Summary: Charlie, the son of a wealthy, tyrannical farmer would rather read than follow in his father's footsteps. He tries to be kind to the workers on the farm, but one -- Slater -- sees his kindness as weakness and paternalism. After the farmer's sudden (and not entirely natural) death, Charlie inherits everything, leaving his mother and sister dependent on him. Charlie marries the eldest daughter of a neighboring farmer, even though her sister loves him.
I debated at length with myself about whether or not to include this and the other made for TV movies that I have. I decided to include most of them, leaving out the one that's very, very long. This is the first alphabetically of a bunch of adaptations of Catherine Cookson books that I own. I just have to remember to slot them in at the right time.
The first one that I remember seeing was "The Wingless Bird," which they showed on Masterpiece Theater when I was in grad school. I absolutely loved it and found the book it was based on. I ended up reading a huge number of Cookson's books -- and there are a *ton*. Eventually, I found that adaptations had been made of quite a few, and that the WE channel (does that still exist?) would play them, an hour at a time, every afternoon.
Both the books and the adaptations get a little repetitive after a while, usually involving a poor young woman who overcomes her circumstances through a combination of strength, persistence, and love ... although there really are some clear variations in her stories. This one, for instance, focuses primarily on Charlie MacFell rather than a female character, although Nellie, the sister of Charlie's eventual wife, fits the pattern a bit. She's not poor, but she is generally considered far less than her sister Victoria (a very young Catherine Zeta-Jones) and struggles with alcoholism. She does get Charlie in the end, because this type of book usually does have a happy ending.
Charlie's father is a *very* common type in her books: the domineering father and cheating husband, controlling and violent.
Slater is not entirely the bad guy here, although he's pretty awful to Charlie. He was raised in pretty crappy conditions and made to constantly feel his position at the bottom of the pecking order on the farm. He's the one made to crawl on the cinder path on his bare hands and knees as punishment for borrowing a book. And once he's away from the farm, married to Polly, he's not a bad man. Polly insists that he's a good husband and father, and that she's very happy with him. He seems to be generally respected in the military, although he has a reputation for being very tough. Once Charlie is in front of him again, however, he becomes that angry child again, doing everything he can to hurt a man who Slater sees has having been given everything in life and doing nothing to deserve it.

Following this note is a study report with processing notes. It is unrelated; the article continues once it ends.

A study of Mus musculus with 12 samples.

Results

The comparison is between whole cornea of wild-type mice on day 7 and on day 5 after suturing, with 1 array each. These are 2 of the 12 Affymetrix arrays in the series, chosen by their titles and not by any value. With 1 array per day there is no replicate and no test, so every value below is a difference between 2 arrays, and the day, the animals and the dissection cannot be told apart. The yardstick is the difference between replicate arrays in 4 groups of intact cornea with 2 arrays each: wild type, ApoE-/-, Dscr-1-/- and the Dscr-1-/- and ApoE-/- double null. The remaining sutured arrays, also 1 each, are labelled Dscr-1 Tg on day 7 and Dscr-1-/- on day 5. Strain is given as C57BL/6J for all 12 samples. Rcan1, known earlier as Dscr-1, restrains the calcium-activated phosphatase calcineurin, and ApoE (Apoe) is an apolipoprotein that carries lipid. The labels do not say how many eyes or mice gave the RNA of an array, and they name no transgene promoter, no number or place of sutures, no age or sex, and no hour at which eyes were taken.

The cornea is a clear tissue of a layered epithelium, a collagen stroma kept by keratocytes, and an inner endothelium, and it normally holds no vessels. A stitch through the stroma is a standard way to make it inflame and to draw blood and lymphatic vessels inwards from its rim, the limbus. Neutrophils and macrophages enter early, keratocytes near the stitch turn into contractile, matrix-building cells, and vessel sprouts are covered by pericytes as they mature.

If anyone's the bad guy here -- aside from Charlie's father -- it's Victoria. She's spoiled and selfish and has no real interest in Charlie as a husband. She marries him because she thinks he's soft and will be easy to control. He'll be easy to cheat on ... and he is. But then again, she very clearly says in the first part that she isn't particularly interested in being married at all. She wants to be independent, and there's no real way that she'll get that without being married to someone who she can dominate, like Charlie. There's really no other option for her but to get married.
And then, of course, World War I happens. And everything goes boom.
Charlie is also kind of awful to his sister. She's always felt like she was expected to work herself to death for the farm and get nothing at all for it. Charlie won't let her fiancee live on the farm if they get married but she doesn't feel like she can leave. She's always taken for granted and, in the end, takes what she feels like she deserves.
Charlie himself is a nice enough character, but he is wishy washy. He rarely stands up to anyone, and he really is more or less handed everything. Charlie marries Victoria more or less because it's expected. He inherits the farm and 2/3 of his father's money. He gets made an officer because his wife is cheating on him; Charlie probably wouldn't have done anything about it, but better to promote him just in case to keep him from making a fuss. And Nellie basically just waits around for him to want her. She has a sort of independent life, but it's mostly drinking too much and being sad that Charlie isn't there and occasionally trying to kill herself.
He is liked, however; that point is made several times. Part of why he succeeds, relatively speaking, is that he's nice to most people most of the time. He doesn't threaten his commanding officer when he finds out he's sleeping with his wife -- he just tells him the truth. The men he commands like him. He does all he can to save his fellow officer's life. And Slater, of course, shows up to cause problems and get shot/blown up, leaving behind his pregnant wife and two kids.
"I've been through so much, nothing could happen to me now." Famous last words.
Ah yes, a piece of shrapnel right next to his heart, which could suddenly move and kill him! Drama! And, of course, it will move, but it won't kill him and they'll all live happily ever after. As they do in this type of story.